A few edits have been made in that time and I've not had a problem with them, but I've just had an edit that came with the following comment:

Removed highly dangerous advice for monkeypatching. It can unknowingly affect all downstream users of the package. The answer will be flagged for deletion if the monkeypatching advice is restored.

I was going to revert the edit as it was clearly stated that this advice came from PEP476 and was highly discouraged. Now I'm not so sure what the correct response is.

Should I just leave the edit and move on? Or am free to revert and just ignore the threat?

  • 4
    You're free to do revert it. do flags for deletion even exist? a vote for deletion isn't even possible for that answer. At worst it'd be a mod flag, and a mod will dismiss it because mods don't judge correctness. – Kevin B Feb 21 at 17:24

  1. Are they right? Sure, they presented their advice in a rather threatening and unproductive manner, but maybe they just have the social skills of a thermonuclear device. If their advice is nevertheless correct, then you must decide:

    1. Does their edit improve your answer? Are you satisfied with their presentation?

      • If so, then you're done. Leave it alone and move along, chalking it up to some weirdo on the Internet who just did you and everyone else a weird sort of favor.
      • If not, but they are still technically correct, then you should edit your answer to a form that satisfies you, but still conveys the same useful information.
  2. Are they a crank? Social skills aside, this person has no clue what they're talking about and has just taken a massive dump on your answer. That's not good. Not only do you not want incorrect information ascribed to your name, but you don't want incorrect advice promulgated on this website. So, roll back their edit, reversing the damage. Then decide:

    1. Are you threatened by the edit message? Is it completely inappropriate, or do you want to let it slide?

      • If you feel threatened, then raise a flag for moderator attention. We'll look into it, and then use our best judgment (or, sometimes, our pretty-good judgment, but never our worst judgment, or even our acceptable judgment) to decide how to follow up with the editor.

      • If you're just annoyed, then let it go, hoping that the person will move on and find something else to do in their free time. If they don't, and they carry through on their seemingly-idle threats, then raise a flag for moderator intervention, and we'll be a bit more stern in our approach.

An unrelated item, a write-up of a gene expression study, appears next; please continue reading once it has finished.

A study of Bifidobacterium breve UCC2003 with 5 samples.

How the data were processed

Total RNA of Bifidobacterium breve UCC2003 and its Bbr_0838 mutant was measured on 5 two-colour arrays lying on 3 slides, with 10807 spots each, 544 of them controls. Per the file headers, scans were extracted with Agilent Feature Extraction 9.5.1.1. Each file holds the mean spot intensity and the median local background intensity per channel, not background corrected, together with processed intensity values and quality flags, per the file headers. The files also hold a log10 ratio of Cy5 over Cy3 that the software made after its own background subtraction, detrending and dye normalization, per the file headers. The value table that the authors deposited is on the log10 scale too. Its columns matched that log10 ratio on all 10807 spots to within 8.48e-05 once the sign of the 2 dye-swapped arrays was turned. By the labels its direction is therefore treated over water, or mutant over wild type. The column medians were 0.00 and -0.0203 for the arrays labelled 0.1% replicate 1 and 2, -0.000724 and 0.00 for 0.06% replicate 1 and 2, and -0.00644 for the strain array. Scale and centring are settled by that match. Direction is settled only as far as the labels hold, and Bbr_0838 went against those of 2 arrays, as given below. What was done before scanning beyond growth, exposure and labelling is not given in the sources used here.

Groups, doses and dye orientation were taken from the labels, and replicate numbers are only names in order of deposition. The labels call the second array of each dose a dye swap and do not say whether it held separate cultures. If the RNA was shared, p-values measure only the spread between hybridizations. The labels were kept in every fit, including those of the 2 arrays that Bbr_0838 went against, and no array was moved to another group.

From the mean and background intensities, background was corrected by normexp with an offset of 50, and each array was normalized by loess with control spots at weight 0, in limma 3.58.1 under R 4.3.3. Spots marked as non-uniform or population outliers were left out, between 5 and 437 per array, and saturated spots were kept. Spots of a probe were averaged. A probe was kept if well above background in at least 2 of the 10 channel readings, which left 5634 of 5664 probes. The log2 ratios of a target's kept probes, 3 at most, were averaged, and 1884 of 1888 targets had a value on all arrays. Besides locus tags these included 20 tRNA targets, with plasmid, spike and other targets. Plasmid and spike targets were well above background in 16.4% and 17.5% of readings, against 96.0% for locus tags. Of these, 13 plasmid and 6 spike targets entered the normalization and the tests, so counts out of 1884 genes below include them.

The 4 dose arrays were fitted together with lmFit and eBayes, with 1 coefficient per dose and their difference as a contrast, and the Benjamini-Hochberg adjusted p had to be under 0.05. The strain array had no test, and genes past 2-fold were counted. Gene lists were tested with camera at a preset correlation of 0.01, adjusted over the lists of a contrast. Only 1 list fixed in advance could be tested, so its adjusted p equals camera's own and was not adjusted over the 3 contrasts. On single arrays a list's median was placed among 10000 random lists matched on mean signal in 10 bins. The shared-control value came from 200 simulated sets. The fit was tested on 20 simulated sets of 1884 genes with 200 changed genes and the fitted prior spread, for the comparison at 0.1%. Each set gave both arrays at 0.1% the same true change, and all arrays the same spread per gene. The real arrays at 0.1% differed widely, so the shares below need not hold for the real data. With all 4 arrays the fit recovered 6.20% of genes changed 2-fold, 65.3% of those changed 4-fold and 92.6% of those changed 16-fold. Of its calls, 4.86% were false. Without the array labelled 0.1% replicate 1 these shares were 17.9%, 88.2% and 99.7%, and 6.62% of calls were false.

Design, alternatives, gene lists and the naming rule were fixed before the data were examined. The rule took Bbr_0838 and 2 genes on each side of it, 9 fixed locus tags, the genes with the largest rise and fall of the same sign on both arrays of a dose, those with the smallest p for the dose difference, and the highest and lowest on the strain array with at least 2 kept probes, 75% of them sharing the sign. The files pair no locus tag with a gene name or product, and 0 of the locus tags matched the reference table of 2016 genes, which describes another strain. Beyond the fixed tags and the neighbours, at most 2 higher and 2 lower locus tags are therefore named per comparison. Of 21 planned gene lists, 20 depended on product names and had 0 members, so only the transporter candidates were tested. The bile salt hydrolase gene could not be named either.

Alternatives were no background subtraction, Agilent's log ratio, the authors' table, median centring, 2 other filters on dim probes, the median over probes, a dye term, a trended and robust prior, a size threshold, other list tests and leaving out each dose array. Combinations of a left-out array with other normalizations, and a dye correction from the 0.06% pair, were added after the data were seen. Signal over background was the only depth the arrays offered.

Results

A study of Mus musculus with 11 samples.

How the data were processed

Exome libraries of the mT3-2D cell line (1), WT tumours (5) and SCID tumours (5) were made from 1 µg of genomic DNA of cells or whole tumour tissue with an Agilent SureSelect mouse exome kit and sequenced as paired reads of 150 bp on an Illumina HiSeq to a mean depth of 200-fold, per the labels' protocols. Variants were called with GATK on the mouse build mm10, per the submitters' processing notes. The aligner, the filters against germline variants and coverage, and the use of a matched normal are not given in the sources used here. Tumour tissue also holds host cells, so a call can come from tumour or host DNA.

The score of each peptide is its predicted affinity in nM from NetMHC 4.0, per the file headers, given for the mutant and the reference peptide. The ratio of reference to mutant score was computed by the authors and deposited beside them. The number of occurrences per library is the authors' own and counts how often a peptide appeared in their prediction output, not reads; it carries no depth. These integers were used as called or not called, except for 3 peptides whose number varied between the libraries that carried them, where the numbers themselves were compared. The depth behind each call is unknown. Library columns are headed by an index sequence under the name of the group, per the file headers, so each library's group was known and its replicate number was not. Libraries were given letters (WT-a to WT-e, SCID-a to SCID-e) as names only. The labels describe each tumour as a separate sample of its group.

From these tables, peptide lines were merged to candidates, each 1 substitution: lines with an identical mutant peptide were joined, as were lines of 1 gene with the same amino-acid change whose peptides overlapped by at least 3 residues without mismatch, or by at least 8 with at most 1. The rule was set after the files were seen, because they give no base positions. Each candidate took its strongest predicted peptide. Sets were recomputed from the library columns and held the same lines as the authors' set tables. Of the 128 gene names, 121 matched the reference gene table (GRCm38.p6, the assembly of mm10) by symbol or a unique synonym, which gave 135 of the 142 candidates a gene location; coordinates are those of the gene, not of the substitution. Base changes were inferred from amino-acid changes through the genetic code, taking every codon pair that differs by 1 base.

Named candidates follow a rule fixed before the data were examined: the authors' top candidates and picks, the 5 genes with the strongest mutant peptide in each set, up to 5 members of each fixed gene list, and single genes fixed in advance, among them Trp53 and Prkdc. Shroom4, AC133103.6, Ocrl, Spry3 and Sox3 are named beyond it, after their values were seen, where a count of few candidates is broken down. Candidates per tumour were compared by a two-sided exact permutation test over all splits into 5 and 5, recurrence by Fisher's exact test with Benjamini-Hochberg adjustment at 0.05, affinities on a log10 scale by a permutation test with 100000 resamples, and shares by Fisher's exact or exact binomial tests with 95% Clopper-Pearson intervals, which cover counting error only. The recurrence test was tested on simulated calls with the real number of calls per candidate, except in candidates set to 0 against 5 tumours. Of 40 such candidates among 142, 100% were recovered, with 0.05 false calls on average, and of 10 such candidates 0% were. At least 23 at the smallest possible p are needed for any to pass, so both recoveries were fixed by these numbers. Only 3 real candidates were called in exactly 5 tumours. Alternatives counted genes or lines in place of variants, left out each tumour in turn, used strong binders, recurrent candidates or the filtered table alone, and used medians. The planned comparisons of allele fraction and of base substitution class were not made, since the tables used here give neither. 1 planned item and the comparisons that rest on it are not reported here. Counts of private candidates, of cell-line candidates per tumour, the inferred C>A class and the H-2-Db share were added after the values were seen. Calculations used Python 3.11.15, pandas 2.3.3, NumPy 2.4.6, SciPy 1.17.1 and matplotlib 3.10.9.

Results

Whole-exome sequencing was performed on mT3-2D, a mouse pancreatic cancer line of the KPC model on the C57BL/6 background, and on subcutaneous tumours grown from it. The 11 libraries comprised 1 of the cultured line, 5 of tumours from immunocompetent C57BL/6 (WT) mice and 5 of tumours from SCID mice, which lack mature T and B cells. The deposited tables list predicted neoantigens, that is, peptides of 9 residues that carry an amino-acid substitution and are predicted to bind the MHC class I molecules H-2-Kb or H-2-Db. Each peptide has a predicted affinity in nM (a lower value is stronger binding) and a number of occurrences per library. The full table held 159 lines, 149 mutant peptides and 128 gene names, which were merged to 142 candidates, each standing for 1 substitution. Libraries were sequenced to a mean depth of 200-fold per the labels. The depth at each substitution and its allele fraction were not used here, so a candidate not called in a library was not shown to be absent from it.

Just to be clear, as Kevin B and Shog9 have already said, moderators don't judge answers for technical correctness. There is no "delete" flag; there is no "this answer is wrong" flag. Answers are only deleted because they fundamentally don't meet our guidelines (they aren't attempts to answer the question, they consist of nothing more than a link, they are plagiarized, etc.), not because they are wrong. We aren't experts in every programming language under the sun, so we couldn't do this even if we wanted to.

As Will, moderator emeritus, used to say:

Moderators are janitors. You flag us when someone throws up in the hallway. We are not professors, tasked with grading answers to questions. If someone provides an unsatisfactory answer, downvote them, leave a comment, or provide a better answer. Do not flag the answer as "unsatisfactory." There is nothing a moderator can (or should) do about a [wrong] answer.

  • That "social skills of a thermonuclear device" musing should be the first thing every new user sees when they come here. – Robert Harvey Feb 22 at 16:00

But let's ignore that for the moment. Confrontation is the language of our time, and many people struggle to separate "necessary" from "unnecessary".

What's useful in that comment is this:

It can unknowingly affect all downstream users of the package.

That's obvious if you know what monkeypatching is... But perhaps some readers will not. So a short addition to your answer to the effect of,

Warning! This will poison ALL uses of SSL in the application where it is used - no contexts will be verified! Use only after a thorough review by all developers, and do not use in libraries or other code that may be included in 3rd-party applications.

...or some such would not be amiss. And then advise the editor that, one day, we will all be dead and gone and there is no point to getting too worked up over the mistakes of others in this short time we spend waiting for that inevitable future.